Posted on by Arran Fisher
(I wrote this some time ago, but thought it still has relevance to our practice today, and provides a little insight into a previous era of Calgary Aikikai. It was originally published January 2008 on the indie music site www.thickspecs.com. The photo above is from 2009, I believe)
About twice a week I make the trek to a warehouse in the industrial southeast of Calgary, walk around the back, weave my way past 18-wheelers and commercial debris and go up the blue metal staircase to one of my favourite places. This might sound like many a band’s rehearsal space, but in this case I’m talking about my dojo, the place where I’ve practiced the martial art of Aikido for the past 12 years.
Upon opening the door, I’m greeted with a hearty “Konichiwa” from the other students, like I’ve entered a sushi restaurant. I bow to the photograph of Aikido’s founder, Morihei Ueshiba, and immediately I’m transported into another world. My mind is cleared of the stresses of normal city life, and I’m immersed in an atmosphere of camaraderie and scholarship, all couched in Japanese tradition and etiquette
Aikido is different from what most people think of martial arts. It’s not about fighting; it’s about cultivating a frame of mind. Sure, students learn all kinds of crazy ways to throw an attacker around, dislocate their elbow, or even cause some serious harm, but to focus on this element would be like saying that the only good thing about the ocean is that it floats boats. You’d miss the bigger picture. In Aikido, learning self-defense is seen as a way to become a better person.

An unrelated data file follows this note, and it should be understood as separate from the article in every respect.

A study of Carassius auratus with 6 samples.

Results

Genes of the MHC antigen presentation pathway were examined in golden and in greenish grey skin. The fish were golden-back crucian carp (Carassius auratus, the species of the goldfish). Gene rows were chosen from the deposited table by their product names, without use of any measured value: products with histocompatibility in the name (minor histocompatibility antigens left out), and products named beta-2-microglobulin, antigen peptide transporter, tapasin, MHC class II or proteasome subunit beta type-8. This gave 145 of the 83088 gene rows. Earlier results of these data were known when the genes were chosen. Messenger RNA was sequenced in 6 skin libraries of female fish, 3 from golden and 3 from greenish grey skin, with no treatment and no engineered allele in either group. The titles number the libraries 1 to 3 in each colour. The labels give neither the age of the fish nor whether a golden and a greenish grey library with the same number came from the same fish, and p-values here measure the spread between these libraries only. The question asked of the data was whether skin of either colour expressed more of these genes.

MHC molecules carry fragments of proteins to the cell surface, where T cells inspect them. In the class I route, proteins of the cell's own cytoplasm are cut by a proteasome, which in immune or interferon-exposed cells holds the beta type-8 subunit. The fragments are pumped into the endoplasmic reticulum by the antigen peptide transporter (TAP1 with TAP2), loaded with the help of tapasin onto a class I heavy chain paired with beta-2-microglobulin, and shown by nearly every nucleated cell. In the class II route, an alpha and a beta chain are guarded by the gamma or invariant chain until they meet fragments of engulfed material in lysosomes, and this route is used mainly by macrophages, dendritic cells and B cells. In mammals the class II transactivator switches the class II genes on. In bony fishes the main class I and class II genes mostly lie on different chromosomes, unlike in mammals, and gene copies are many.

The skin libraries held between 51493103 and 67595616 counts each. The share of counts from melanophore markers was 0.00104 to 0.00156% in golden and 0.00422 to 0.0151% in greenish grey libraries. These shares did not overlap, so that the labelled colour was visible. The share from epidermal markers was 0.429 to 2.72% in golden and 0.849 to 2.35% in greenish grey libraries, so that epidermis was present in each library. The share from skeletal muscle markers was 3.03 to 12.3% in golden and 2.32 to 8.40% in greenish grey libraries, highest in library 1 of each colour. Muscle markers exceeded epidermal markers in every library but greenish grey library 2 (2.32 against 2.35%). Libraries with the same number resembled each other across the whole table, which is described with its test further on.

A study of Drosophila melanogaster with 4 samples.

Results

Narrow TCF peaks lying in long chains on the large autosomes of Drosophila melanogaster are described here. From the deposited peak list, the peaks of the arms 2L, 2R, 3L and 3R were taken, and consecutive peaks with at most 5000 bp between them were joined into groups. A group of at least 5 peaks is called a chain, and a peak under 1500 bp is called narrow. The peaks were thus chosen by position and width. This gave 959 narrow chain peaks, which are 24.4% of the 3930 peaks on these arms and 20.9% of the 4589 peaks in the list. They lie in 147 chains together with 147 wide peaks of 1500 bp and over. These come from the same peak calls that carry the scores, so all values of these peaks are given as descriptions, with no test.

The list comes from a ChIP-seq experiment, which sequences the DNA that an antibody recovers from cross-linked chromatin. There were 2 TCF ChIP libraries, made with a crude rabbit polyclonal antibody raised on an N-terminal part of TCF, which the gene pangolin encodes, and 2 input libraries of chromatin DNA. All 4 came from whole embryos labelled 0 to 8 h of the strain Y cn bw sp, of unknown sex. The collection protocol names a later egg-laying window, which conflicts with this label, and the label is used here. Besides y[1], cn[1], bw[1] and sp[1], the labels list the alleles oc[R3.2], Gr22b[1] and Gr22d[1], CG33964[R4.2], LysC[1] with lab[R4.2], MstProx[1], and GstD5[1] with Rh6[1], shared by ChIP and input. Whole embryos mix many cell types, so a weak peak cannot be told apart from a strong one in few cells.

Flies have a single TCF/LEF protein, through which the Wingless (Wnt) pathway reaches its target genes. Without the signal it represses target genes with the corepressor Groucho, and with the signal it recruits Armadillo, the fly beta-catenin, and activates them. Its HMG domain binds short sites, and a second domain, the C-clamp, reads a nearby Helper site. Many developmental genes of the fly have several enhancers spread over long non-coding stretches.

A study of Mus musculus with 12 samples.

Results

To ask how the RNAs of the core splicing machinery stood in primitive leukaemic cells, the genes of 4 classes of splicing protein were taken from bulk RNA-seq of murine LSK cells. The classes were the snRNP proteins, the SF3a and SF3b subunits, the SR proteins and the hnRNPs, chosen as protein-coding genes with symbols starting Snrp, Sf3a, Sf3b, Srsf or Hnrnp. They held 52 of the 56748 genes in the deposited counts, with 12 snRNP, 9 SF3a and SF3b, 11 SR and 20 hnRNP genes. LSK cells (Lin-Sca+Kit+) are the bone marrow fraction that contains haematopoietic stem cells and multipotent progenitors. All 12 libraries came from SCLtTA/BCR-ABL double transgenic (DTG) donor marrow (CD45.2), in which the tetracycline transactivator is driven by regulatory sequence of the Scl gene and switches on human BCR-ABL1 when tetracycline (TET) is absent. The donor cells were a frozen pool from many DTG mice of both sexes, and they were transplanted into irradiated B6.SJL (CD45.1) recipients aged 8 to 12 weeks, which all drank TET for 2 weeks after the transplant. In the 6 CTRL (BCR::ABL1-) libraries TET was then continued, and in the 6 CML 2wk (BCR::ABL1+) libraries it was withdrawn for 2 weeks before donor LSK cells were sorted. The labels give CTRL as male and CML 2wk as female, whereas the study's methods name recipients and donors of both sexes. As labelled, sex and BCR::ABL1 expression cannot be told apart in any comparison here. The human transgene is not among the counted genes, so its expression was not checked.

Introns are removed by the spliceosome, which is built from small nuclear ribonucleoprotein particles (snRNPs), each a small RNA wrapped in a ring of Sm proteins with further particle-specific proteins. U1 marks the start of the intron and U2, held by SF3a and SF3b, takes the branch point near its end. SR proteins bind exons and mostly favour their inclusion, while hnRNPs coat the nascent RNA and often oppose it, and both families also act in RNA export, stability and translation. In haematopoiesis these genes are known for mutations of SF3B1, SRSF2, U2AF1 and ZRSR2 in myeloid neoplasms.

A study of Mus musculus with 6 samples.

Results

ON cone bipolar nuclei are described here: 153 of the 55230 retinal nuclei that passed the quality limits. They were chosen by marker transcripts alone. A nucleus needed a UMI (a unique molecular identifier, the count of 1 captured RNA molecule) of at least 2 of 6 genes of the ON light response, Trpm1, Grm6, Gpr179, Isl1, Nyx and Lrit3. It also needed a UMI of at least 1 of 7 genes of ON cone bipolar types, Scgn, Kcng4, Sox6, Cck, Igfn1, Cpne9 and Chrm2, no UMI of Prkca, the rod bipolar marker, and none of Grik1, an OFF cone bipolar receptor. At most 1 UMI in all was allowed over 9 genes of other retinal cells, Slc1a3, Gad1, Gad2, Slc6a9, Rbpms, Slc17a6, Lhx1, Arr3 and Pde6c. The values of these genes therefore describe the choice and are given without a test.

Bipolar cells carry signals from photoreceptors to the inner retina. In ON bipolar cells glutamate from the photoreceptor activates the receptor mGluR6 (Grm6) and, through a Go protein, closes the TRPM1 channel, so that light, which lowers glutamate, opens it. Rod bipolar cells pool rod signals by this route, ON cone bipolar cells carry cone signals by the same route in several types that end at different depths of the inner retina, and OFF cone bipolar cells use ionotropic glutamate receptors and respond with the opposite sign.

The training is completely non-competitive and only with the attitude of defense from an attack. There’s never a winner or loser and nobody is so skilled that they can’t learn from even the greenest beginner. At our dojo, the most important thing is that everyone has a good time and feels happy after each practice, so a positive attitude and avoidance of any injury are two of the most important elements.
I learn Aikido from Yasuhisa Inaba, 6 Dan, a man who moved to Calgary from Yokohama in 1980 and has been teaching in the traditional Japanese style ever since. We call him “Sensei” and greet each other with bows. The classes are conducted in English, but we use Japanese words for all the formal greetings and thank yous, as well as for names for all the techniques. Before and after each practice, we clean the mat with a mop and bleach, not just for sanitation, but as an act of purification. Traditional beliefs run deep.
The dojo is not just a place where you go to learn, such as a college classroom, and definitely not like a gym, where all that’s expected of you is to pay your membership. At the dojo you actually practice to become more aware of your surroundings and the people with whom you interact. You learn how to listen and be quiet, and how to teach others things you may have picked up. At the end of every practice I feel both energized by the experience and humbled by how much there is to know about this endlessly complex and rewarding pursuit.